At a time when most of the federal terrorist cases are abruptly ending in plea bargains, prosecutors in Oregon on Monday expanded their investigation of the “Portland Six,” charging a local businessman with conspiracy to levy war against the United States.

Maher “Mike” Hawash, a former Intel software engineer who has been held for more than a month on a material witness warrant, was also charged with two counts of illegally attempting to provide material support to the Taliban and Al Qaeda terrorist organizations.

According to the criminal complaint, Hawash and the other suspects “decided after the Sept. 11 attacks to fight a jihad.”


He is to be arraigned in federal court in Portland this morning. A rally is scheduled for outside the courthouse to protest Hawash’s arrest by FBI agents in March and to criticize the government for allegedly treating him harshly in order to gain cooperation in the ongoing investigation.

The case is scheduled to go to trial in October.

With Hawash added as a key defendant, the trial promises to be a showdown between prosecutors seeking to show how far some Americans were willing to go to retaliate against the Bush administration’s war on terrorism and defense lawyers who cite the case as an example of a reckless Justice Department intent on snaring innocent citizens.

In rallies in the Pacific Northwest, in Internet Web site postings and in pronouncements by the local ACLU, Hawash’s supporters said he has been unfairly targeted by overzealous law enforcement officers seeking to bolster their case against the other six defendants.

Hawash, 38, is a Palestinian who was born in Nablus, Jordan. He became a U.S. citizen in December 1990.

He lived with his family in the Portland suburb of Hillsboro, Ore., and worked as an engineer for Intel for nine years until August 2001. He later became a contract employee for the corporation.


The government contends the original six defendants practiced weapons training in a nearby gravel pit in the weeks after the Sept. 11 attacks, and that in October 2001 Hawash and five of the others journeyed to Central Asia, where they planned to meet with Taliban and Al Qaeda fighters and to battle U.S. troops in the region.

None of the men made it into Afghanistan, and all but one later returned to the Portland area, the government said.

As evidence against Hawash, prosecutors said he turned the title to his home over to his wife on Oct. 9, 2001, and signed a power-of-attorney document ceding control of his affairs to her.

He next purchased a parka, backpack, sunglasses, hiking socks, boots and gloves, all in preparation for his trip, the government said.

Prosecutors said Hawash flew from Seattle on Oct. 24, 2001, and traveled through Japan, Hong Kong and China using frequent-flier miles.

Evidence also showed that Hawash stayed in hotels with the other defendants while they attempted to make it into Afghanistan.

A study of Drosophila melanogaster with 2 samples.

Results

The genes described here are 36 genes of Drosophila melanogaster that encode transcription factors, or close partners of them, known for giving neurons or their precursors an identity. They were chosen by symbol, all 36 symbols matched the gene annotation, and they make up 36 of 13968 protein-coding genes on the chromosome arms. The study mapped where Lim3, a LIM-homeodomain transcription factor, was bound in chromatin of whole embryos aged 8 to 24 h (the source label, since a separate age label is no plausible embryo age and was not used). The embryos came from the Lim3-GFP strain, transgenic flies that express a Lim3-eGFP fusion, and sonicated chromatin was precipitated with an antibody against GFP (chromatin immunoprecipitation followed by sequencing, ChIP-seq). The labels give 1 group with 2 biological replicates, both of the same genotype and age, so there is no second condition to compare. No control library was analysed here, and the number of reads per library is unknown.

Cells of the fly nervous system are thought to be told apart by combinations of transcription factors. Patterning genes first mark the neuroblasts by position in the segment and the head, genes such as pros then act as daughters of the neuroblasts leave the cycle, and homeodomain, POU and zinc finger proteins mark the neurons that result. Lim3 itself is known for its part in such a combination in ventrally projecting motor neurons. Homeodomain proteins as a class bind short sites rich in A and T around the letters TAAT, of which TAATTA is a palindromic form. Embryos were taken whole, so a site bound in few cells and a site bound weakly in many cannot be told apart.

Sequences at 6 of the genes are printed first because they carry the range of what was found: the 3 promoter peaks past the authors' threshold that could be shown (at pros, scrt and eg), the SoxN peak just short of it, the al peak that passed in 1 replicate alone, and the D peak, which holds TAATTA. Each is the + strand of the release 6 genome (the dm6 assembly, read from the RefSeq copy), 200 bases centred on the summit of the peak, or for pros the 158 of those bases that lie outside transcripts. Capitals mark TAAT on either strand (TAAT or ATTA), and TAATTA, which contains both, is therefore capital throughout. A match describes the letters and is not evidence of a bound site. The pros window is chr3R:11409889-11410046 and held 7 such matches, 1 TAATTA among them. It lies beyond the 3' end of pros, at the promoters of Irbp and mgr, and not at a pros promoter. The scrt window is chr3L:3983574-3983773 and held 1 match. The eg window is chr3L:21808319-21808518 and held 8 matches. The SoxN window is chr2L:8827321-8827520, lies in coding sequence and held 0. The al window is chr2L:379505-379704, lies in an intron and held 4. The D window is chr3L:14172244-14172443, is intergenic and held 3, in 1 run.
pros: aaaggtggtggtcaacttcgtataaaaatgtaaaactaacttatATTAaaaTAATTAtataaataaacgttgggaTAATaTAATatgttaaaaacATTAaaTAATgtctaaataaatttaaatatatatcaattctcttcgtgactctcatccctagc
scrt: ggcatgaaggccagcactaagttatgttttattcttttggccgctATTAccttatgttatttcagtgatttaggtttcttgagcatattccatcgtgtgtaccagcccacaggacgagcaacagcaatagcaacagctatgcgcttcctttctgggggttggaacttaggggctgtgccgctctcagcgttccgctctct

The government found a witness who recalled seeing the men in a hotel in China.

“The witness stated that over time he spoke with the men, that they generally stayed together, and that he frequently observed the group sitting, praying, talking, exercising, or practicing martial arts,” the complaint said.

After failing to gain entry to Afghanistan, the government said, Hawash returned to the U.S. on Nov. 18, 2001.

The FBI later used informants to infiltrate the group, prosecutors said, and learned that Hawash’s “only intention was to fight with the Taliban in Afghanistan.”

In addition, one of the defendants, Jeffrey Leon Battle, told informants that Hawash “left with us to go fight” and “that’s all he wanted to do.”

After the arrests of the six other defendants in October, a neighbor of Hawash’s called the FBI and said Hawash and his wife were friends of two of the defendants.

Lisa Hawash told FBI officials that her husband had gone to China to look for software business for Intel and that, while there, he telephoned her and said that he had “talked to someone about the possibility of importing fluorescent light bulbs to Nablus, Jordan, from China.”

Glenna Ryan, Lisa Hawash’s mother, told the FBI that Hawash had gone to China to evaluate an import-export business making hand-held microphones.

Government records showed that Hawash and his wife had an adjusted gross income in 2000 of nearly $360,000, most of it from his work at Intel.

Some Intel officials have been quick to support Hawash since his arrest.

Steven McGeady, Hawash’s supervisor at Intel, said “the only thing one can think of” for explaining the arrest was that Hawash had donated $10,000 in 2000 to the Global Relief Foundation, which since Sept. 11 has been reviewed for potential financial ties to terrorists.

David Fidanque, the executive director of the Oregon ACLU, said Hawash was first held as a material witness in the hope he would assist the prosecution.

He said prosecutors often used the material witness warrant procedure in order to “bring the full weight of the U.S. government down on individuals and their families to coerce them into doing whatever the government wants.”